68% of rural women cannot afford sanitary napkins says global information and measurement company AC Nielsen according to a recent study.
In such cases when women cannot afford sanitary pads they resort to using cloth pieces or nothing and this according to gynecologists causes infections leading to cervical cancer.
GOONJ is a non-profit organisation based in New Delhi that decided to act on this issue and started a movement of making sanitary pads out of waste cloth for the rural women.
What is GOONJ?
GOONJ is an NGO that started in the year 1999 by director Anshu Gupta who started it in New Delhi. Their only aim is to treat "cloth" as something more powerful than just a charitable object.
What is the central aim of GOONJ?
GOONJ aims at using underutilized cloth as a powerful tool for a social change. They use this cloth is used as an affordable, clean and easy to use napkins for rural women. They aim at distributing it to maximum women to prevent spread of diseases.
What urged GOONJ to start this specific movement?
In a special interview with DNA, Mr Arvind who has been with GOONJ since its inception said that when GOONJ workers were travelling across interiors of rural India, they noticed that ordinary cloth is commonly used as sanitary pads as market products are either too costly or are absent in rural areas. Also when in the interiors people do not have cloth to cover their bodies it was impossible to afford something for their monthly menstrual cycle. This is what urged them to start off this movement.
"Everyone starts movements for malnutrition and the girl child, but we thought women's hygiene and sanitation is something which had to be tackled. This is a subject of taboo we thought of breaking it," said Arvind.
Instances that made GOONJ start off the movement immediately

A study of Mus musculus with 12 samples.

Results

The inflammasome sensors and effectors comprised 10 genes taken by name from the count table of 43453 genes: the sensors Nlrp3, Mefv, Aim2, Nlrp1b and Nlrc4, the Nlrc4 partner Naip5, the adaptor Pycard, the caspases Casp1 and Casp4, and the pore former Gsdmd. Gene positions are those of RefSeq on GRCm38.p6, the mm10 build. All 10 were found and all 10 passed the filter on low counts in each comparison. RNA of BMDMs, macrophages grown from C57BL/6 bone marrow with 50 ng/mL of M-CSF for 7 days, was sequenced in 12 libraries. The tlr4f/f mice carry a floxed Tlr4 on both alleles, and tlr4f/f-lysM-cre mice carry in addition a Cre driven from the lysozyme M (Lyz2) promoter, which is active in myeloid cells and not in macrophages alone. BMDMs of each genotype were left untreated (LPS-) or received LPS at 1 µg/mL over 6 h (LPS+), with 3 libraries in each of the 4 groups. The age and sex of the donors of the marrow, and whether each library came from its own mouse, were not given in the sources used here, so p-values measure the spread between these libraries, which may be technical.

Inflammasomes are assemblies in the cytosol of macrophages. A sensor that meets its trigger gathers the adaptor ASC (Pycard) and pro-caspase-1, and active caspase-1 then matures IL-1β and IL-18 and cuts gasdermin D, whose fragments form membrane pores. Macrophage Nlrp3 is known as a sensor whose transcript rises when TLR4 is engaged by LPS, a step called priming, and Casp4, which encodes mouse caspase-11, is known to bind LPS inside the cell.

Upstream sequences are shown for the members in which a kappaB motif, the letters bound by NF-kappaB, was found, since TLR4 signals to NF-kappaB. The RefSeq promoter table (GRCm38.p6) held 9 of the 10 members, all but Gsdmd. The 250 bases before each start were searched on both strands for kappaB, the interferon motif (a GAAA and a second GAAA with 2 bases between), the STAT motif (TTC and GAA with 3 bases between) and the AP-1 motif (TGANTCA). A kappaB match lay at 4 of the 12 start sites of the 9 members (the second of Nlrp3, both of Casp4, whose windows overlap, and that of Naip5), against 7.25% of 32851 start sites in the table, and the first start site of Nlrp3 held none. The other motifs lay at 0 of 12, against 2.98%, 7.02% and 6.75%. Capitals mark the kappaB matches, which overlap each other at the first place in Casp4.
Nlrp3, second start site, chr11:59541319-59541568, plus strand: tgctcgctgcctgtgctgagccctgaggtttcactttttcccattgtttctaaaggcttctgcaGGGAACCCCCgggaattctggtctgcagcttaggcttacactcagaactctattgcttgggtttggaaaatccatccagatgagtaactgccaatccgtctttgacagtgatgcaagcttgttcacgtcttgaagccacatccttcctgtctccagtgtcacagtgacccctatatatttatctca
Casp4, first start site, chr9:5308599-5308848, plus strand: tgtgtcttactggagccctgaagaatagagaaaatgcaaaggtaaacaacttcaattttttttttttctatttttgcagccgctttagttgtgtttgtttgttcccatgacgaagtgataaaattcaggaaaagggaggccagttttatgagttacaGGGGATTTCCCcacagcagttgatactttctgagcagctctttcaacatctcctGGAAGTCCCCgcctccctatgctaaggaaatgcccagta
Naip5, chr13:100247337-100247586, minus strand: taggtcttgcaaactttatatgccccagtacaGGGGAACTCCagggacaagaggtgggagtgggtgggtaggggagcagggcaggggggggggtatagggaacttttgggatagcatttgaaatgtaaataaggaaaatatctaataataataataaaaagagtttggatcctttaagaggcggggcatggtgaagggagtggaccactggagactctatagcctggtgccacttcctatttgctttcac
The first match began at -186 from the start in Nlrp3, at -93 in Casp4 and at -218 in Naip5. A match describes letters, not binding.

Shikoabad is a small village in Uttar Pradesh where a woman of 42 years died because she used a blouse piece as a sanitary napkin. She died of tetanus when the metal hook of the blouse entered her body.
When GOONJ workers went to Dharavi to distribute cloth, they saw cloth pieces tainted with blood being hung on clothing lines inside the small dingy homes. The women there told them that they use the same cloth without washing them.
What was the biggest hurdle that they faced in the process?
The biggest hurdle was to change the mindset of the people. Since, it is a delicate and neglected issue, it was and is still not well received by even urban, educated people, so women in the interiors shy away from it.
How does GOONJ tackle this hostile reaction?
GOONJ tries to break the ice by conducting workshops in many rural schools and villages. During these workshops they connect with the people, make them feel comfortable and discuss with them the benefits of using a sanitary napkin. They also make them well aware about the infections and diseases a normal cloth can cause in a woman.
A GOONJ worker said, “The women are hesitant at first, and shy away but in course of time they did come around and did respond to the workshops.”
How does GOONJ spread its work?
GOONJ organizes extensive meetings and personally go door to door ensuring that villages have their hygiene levels in place. They make sanitary pads available for women by collecting old waste cloth from cities. They organize workshops even in urban areas and have opened up drop boxes in different parts of the city where people can conveniently go and donate clothing.
What is the process of making the sanitary pad?
GOONJ collects the donated clothes, then segregates these clothes as per texture as only cotton serves the purpose. However, the rest of the cloth is not discarded. The cotton clothes are soaked , washed and dried and are sent under a metal detector to remove hooks or buttons. Then the clothes are ironed to remove moisture and are cut into standard sizes.
Are there any success stories that they can boast about?
Sahiba is a young girl from Muzaffarnagar, UP. She is like any other girl, no different from anyone and yet always suffered just because of shortage of cloth. She came from a family where they didn’t even have clothes to cover their body so borrowing cloth for her menses was impossible.
When GOONJ came with sanitary pads at a value of just Rs 2, it was a wonderful moment for Sahiba. She says, “I thank GOONJ for returning my izzad(dignity).”
Shalu, from Bihar, used to ask her friends to give her sanitary pads, but they would refuse. Her parents used to give her a Terrycloth or cushion cover to use. “I used to pray to God. I wanted my periods to stop forever," she told the GOONJ team. She also said that because of this she refrained from going to school on the days of her cycle. Now, she is happy and content and all these miseries have been put to rest.
GOONJ has spread its movement to to 21 states in 14 years. They were internationally awarded for this movement by the World Bank.